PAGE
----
Last Night: The Houston Symphony Does The Music Of Queen
Photos by Craig Hlavaty
The Houston Symphony Jones Hall July 22, 2010
There is perhaps no better way to experience the music of Freddie Mercury and Queen than with a full orchestra. Nothing about the band wasn't large and grandiose in scope, making them one of the bands most ripe for the orchestral treatment. Last night the Houston Symphony happily did the honors with a touring five-piece rock band over at Jones Hall.
Taking the place of Mercury was vocalist Brody Dolyniuk, whose job it was to bring the Queen to a crowd of rockers and symphony folk. He's a part of a traveling troupe of musicians called Windborne who have taken stabs at the oeuvres of Led Zeppelin, the Doors and the Beatles. Soon they will take on Michael Jackson.
Queen's music was seemingly written and recorded with a full symphony in mind, which is a testament to the band's audacity. Some songs popped louder in this setting than they ever have on record. Lesser known tracks like "Too Much Love Will Kill You" and "Who Wants to Live Forever" were expanded with grand strokes, exposing just how forlorn Mercury really was in the band's more poignant moments.
Much can be said about the band's glammier monsters like "Fat Bottomed Girls" and "Killer Queen," but when Mercury took things down a notch and he got introspective with his lyrics, it was heartbreaking. It's a man conflicted and lonely, stuck between being the lead singer of a huge rock band and a gay man at a time before being out was cool. The orchestral backing on those songs reminded Aftermath about the sadder side of Queen and sold the show for us.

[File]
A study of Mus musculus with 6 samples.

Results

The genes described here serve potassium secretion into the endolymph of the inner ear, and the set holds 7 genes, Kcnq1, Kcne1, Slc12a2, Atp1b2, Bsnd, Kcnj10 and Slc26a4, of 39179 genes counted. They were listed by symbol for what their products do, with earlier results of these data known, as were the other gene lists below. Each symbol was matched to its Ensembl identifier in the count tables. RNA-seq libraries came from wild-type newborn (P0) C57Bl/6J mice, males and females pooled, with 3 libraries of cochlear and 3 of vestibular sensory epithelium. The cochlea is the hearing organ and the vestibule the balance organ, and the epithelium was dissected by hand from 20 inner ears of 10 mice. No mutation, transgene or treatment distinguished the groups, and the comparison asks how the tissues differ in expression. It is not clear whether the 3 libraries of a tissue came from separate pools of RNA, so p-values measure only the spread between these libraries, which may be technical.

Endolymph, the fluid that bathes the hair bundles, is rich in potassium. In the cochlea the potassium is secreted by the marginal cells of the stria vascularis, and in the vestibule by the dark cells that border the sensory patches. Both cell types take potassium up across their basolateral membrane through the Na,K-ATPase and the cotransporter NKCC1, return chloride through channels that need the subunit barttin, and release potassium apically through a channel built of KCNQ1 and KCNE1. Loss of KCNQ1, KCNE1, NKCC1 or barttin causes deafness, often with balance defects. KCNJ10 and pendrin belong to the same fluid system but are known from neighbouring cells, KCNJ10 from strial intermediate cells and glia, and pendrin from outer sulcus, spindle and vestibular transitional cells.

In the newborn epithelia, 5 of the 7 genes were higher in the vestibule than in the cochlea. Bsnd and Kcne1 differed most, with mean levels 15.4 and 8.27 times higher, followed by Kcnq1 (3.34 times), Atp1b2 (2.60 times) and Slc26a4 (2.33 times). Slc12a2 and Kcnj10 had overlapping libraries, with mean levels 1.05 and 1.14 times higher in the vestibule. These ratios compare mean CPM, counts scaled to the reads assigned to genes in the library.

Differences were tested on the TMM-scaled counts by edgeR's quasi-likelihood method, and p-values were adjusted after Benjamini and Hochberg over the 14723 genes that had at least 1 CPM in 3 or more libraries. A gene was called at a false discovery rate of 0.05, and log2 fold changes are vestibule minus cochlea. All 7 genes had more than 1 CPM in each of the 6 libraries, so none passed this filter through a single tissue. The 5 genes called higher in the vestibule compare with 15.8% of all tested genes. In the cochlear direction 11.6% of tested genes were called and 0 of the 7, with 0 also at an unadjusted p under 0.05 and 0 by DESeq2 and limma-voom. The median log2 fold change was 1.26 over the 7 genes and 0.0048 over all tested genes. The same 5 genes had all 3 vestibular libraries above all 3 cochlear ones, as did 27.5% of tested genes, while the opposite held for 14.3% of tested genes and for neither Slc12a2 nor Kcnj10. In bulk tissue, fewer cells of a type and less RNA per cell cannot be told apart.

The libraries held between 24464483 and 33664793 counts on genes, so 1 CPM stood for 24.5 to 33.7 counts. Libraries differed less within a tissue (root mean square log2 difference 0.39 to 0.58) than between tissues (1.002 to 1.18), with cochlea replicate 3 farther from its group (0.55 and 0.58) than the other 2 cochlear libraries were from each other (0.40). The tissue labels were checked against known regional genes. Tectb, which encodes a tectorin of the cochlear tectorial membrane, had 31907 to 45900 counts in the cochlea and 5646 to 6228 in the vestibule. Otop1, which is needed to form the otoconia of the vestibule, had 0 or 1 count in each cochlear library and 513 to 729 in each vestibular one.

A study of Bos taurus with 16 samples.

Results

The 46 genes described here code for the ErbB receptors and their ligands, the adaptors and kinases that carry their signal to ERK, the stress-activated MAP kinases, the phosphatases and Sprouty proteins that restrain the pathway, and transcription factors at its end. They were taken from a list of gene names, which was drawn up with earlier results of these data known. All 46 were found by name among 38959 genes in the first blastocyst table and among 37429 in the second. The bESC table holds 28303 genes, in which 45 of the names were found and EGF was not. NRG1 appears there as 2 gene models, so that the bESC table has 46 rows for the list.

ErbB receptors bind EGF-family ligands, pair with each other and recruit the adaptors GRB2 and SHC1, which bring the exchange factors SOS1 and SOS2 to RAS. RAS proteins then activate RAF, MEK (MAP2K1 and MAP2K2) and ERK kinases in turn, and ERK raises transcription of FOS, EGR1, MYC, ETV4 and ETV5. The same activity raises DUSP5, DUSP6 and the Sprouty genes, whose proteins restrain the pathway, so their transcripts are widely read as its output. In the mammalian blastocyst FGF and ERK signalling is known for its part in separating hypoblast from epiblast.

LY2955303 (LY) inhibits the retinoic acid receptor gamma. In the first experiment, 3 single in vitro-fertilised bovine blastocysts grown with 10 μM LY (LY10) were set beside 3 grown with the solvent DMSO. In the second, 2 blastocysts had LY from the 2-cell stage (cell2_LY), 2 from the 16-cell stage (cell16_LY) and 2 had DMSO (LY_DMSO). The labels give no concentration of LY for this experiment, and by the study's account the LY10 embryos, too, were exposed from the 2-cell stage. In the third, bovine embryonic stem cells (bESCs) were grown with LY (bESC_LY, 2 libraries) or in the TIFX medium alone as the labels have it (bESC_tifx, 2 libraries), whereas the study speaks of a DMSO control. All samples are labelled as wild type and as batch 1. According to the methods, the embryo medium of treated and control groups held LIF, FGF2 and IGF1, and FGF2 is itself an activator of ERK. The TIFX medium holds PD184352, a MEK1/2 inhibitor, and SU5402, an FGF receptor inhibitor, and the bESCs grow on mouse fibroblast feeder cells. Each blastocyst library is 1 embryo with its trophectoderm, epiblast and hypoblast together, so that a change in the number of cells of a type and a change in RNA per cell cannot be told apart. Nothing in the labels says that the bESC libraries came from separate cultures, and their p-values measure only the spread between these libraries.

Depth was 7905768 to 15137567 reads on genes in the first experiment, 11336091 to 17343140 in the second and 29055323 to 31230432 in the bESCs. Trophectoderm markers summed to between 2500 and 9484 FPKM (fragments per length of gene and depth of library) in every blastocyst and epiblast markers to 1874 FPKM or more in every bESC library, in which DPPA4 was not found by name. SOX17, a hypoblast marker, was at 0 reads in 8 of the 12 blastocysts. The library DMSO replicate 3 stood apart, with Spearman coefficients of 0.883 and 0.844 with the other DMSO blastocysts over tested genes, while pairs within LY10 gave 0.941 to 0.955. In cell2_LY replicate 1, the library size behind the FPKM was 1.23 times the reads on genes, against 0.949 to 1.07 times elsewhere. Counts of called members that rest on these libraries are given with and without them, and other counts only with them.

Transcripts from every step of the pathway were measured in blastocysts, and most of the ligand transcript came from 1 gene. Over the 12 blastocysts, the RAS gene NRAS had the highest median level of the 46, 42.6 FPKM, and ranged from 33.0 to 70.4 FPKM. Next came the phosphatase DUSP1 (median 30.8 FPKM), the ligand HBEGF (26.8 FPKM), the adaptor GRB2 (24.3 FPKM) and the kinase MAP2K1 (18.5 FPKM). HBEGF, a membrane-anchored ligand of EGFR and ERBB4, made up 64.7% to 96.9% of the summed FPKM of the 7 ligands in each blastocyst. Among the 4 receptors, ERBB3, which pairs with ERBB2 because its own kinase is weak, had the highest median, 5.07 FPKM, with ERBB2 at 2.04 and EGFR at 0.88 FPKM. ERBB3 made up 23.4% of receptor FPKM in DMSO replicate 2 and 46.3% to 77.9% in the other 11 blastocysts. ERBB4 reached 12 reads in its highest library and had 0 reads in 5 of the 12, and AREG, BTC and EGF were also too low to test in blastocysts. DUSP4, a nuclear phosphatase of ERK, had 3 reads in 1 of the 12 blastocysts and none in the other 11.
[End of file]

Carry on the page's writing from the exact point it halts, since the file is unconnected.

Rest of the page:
Windborne and the HSO slayed "Stone Cold Crazy" with precision. Dolyniuk did mention that Metallica had tried as well, but to Aftermath's ears Hetfield and the crew didn't come close to what we heard last night. The Queen/David Bowie collaboration "Under Pressure" benefited from both the HSO and the crowd's own percussion work. The crescendo towards the end of the song threatened to tear Jones Hall's roof in half.
For someone who was born right at the end of Queen's career but old enough to know the band's influence and legacy, finally hearing "Bohemian Rhapsody" in a live setting pulled off by able people was amazing. Everyone in the hall hung on every word and turn of the music. A lady near the front even headbanged a la Wayne's World during the speedy parts.
The set closed with "We Will Rock You" and "We Are The Champions," with the whole throng in the packed house on their feet, something we hadn't seen at Jones Hall since maybe Morrissey last year. Pulled together, the two songs took on an almost gospel feel.
As worldly and decadent as Queen was, Mercury still had some angel in him, which resonates even today.
Personal Bias: We can play "Another One Bites The Dust" on bass. Really badly.
The Crowd: Symphony folks, teenagers on dates, boomer couples and a handful of metal guys from way back.
Overheard in the Crowd: "He don't look like no Freddie Mercury, but he sounds like him."
Random Notebook Dump: "We Are The Champions" only reminds us of the end of Revenge of the Nerds.